A fight between City Hall and the Municipal Police Employees Retirement System has called into question a distinction that Baton Rouge officials started making 18 years ago to label the type of overtime police officers work and allow some of those hours to count toward retirement benefits.
The Municipal Police Employees Retirement System, MPERS, has told Baton Rouge officials it will not longer let police officers hired since 2000 receive approval to retire or draw benefits. MPERS accused Baton Rouge police of improperly counting overtime pay for those officers toward their retirement compensation, a practice that the retirement system calls a violation of state law.
City-parish and BRPD Union officials, however, have pushed back. Mayor-President Sharon Weston Broome sent a recent letter to Metro Council members that said she stands behind law enforcement and will "protect the interests of the city-parish." And one particular issue both current and former city-parish officials have seized is the distinction between voluntary and mandatory overtime, saying that the retirement system almost two decades ago agreed to count so-called mandatory OT toward employees' benefits.
Former BRPD Chief Greg Phares, who ran the department when BRPD switched to using MPERS as its retirement system in 2000, remembered deciding 18 years ago what counted as voluntary and what counted as mandatory overtime. Among the types of work that the city-parish Finance Department counts as mandatory: work on holidays, court appearances, directing traffic for football games, directing traffic after a homicide and working special events.
"It was my understanding the reason I was asked to sign off on those categories of overtime was to help MPERS determine which categories would be applicable toward retirement," Phares said.
The Finance Department classifies voluntary overtime as work in which officers are usually paid by grants, such as a DWI task force, a targeted violent crimes program and a Louisiana Highway Safety program.
Baton Rouge police Officer Dominic Distefano II made $61,000 in 2008. By 2011, he’d almost doubled those earnings, and in 2013, he made $135,223.
Broome's administration and previous mayoral administrations took the position that mandatory overtime should count toward retirement compensation. They also believed MPERS agreed with them.
"We said, how can we mandatorily require them to work overtime and not count it as a retirement benefit?" said William Daniel, the former city-parish chief administrative officer.
But while City Hall has kept tabs on the different overtime categories, Huxen said they do not matter. He said MPERS should not pay retirement benefits based on any overtime calculations, regardless of whether they were mandatory of voluntary.
Huxen's position is at least a slight change from his predecessors at MPERS. He took over the system six months ago, and acknowledged that MPERS released a directive in 2006 saying it would count overtime paid during emergencies toward retirement. The policy was developed out of the extra hours police worked during Hurricanes Katrina and Rita in 2005, he said.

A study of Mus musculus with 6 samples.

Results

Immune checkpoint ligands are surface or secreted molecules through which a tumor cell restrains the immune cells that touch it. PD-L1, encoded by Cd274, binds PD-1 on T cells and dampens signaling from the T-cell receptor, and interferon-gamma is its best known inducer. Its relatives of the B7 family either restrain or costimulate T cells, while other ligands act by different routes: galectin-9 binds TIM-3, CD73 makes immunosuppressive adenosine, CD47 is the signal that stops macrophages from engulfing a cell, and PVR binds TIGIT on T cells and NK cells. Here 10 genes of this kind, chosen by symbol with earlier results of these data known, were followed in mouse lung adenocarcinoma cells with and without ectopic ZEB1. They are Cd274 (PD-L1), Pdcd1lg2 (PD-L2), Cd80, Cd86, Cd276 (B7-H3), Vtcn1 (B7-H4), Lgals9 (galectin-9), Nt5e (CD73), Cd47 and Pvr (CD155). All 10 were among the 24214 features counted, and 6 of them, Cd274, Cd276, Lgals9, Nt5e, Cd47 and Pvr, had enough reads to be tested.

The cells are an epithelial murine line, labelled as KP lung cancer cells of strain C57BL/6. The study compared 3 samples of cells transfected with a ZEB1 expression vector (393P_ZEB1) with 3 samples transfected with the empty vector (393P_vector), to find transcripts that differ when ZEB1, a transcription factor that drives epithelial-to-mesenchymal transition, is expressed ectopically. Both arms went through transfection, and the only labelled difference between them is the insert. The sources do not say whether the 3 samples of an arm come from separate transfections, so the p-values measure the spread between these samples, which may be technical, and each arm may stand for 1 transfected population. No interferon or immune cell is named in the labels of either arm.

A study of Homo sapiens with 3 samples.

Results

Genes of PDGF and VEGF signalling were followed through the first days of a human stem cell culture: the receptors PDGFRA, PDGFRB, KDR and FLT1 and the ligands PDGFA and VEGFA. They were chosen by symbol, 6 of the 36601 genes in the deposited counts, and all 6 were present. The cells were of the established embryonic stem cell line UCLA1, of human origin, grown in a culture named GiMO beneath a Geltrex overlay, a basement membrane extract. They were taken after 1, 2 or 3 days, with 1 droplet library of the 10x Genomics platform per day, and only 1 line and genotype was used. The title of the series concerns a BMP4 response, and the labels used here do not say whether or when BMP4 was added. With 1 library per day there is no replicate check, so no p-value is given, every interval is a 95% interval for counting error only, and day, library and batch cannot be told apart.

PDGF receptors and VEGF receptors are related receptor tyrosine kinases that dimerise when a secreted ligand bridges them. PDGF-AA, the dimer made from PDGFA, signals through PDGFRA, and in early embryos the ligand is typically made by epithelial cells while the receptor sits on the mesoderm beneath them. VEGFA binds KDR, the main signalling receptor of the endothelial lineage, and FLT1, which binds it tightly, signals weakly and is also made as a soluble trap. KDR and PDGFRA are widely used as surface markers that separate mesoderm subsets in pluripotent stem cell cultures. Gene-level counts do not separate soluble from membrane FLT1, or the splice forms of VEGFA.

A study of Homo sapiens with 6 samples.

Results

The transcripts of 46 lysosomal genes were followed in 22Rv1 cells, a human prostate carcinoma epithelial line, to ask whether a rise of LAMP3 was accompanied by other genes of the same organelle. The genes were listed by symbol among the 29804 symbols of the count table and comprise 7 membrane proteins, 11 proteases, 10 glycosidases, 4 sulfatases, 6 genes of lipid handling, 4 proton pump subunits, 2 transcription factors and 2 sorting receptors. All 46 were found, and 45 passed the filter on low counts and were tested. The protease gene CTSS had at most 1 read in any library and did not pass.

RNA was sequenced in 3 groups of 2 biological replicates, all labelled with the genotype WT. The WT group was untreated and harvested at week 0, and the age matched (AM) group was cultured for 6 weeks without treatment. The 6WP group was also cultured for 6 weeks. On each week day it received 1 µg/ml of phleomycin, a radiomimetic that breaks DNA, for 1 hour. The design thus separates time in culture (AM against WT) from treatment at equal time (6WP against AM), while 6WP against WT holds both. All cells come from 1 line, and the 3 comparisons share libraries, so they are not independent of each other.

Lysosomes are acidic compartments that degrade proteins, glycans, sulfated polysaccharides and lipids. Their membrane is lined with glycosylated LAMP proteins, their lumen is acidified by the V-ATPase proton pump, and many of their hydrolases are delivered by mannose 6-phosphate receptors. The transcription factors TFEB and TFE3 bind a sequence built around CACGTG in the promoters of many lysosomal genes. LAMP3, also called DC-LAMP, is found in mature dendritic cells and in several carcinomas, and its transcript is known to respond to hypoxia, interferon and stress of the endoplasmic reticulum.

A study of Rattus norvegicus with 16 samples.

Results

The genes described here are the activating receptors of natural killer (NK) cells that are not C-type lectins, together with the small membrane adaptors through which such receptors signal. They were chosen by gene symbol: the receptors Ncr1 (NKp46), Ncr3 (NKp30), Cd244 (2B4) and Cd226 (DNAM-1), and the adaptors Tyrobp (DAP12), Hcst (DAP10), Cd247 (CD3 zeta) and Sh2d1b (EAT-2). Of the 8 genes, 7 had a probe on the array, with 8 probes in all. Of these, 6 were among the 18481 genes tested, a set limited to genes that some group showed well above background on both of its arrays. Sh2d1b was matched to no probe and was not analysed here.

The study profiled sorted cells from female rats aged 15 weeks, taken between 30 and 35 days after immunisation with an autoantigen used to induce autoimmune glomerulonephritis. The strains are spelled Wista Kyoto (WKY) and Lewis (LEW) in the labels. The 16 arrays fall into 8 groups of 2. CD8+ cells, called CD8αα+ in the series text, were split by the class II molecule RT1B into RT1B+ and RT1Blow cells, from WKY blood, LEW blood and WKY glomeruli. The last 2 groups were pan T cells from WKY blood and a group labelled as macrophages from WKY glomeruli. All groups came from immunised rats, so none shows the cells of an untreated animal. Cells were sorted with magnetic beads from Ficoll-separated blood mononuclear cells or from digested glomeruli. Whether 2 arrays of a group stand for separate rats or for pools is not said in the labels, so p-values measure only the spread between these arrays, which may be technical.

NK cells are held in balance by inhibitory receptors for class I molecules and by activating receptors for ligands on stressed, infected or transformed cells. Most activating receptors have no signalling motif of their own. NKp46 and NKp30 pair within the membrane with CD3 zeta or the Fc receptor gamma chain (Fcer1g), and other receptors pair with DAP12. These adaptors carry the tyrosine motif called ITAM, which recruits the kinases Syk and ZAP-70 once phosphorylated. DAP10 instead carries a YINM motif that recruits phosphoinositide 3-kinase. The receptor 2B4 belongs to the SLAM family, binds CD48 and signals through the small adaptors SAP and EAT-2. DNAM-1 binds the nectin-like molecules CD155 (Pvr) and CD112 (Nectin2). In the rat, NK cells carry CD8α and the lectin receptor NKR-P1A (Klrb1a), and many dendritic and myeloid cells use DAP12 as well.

Huxen challenged the assertion from some in the city-parish, including Metro Councilman Buddy Amoroso, that the agreement from MPERS to count overtime in retirement was somewhat of a "gentleman's agreement."
"I don't know how, when you're dealing with $75 million, you don't put it in writing," he said, referencing the agreement from 2000 when the city-parish transferred more than $72 million to the retirement system.
Police retirees with at least 25 years of service usually receive retirement checks between 75 percent and 100 percent of the average of their highest earning years, The Advocate has previously reported.
Current city-parish officials said they could not comment on the MPERS disagreement because of a lawsuit. MPERS filed a suit in 2016 against the city-parish that the retirement system considers dormant.
Huxen said, though, that BRPD is the only police department MPERS oversees that counts OT.
BRPD Union President Sgt. Bryan Taylor recalled police officers being told in 2000 that switching to MPERS as their retirement system would save enough money for officers to receive substantial raises. But he said the raises were never as large as were promised.
Taylor argued that officers who have been paying into the retirement system for the past 17 years, including their overtime, deserve to receive the benefit. He and Phares also brought up past scandals at MPERS.
"In the years since 2000, there have been significant problems at MPERS, including criminal activity," Phares said.
MPERS faced heavy criticism more than a decade ago when the retirement system invested in golf courses in Bossier Parish. The retirement system had a shortfall of more than $300 million at the time, and multiple audits found that the golf courses continued to drain the retirement system, according to Advocate archives.
"We're paying all this money in and they're pointing the finger at us?" Taylor said. "But at what point do we raise hell because they wasted [money] on a fricking golf course for their personal gain?"
MPERS is still not fully funded. Huxen said that the system is slightly more than 71 percent funded, but is paying full benefits to all of its current retirees.
"We're not trying to hurt police, we're just trying to uphold a fiduciary duty," Huxen said.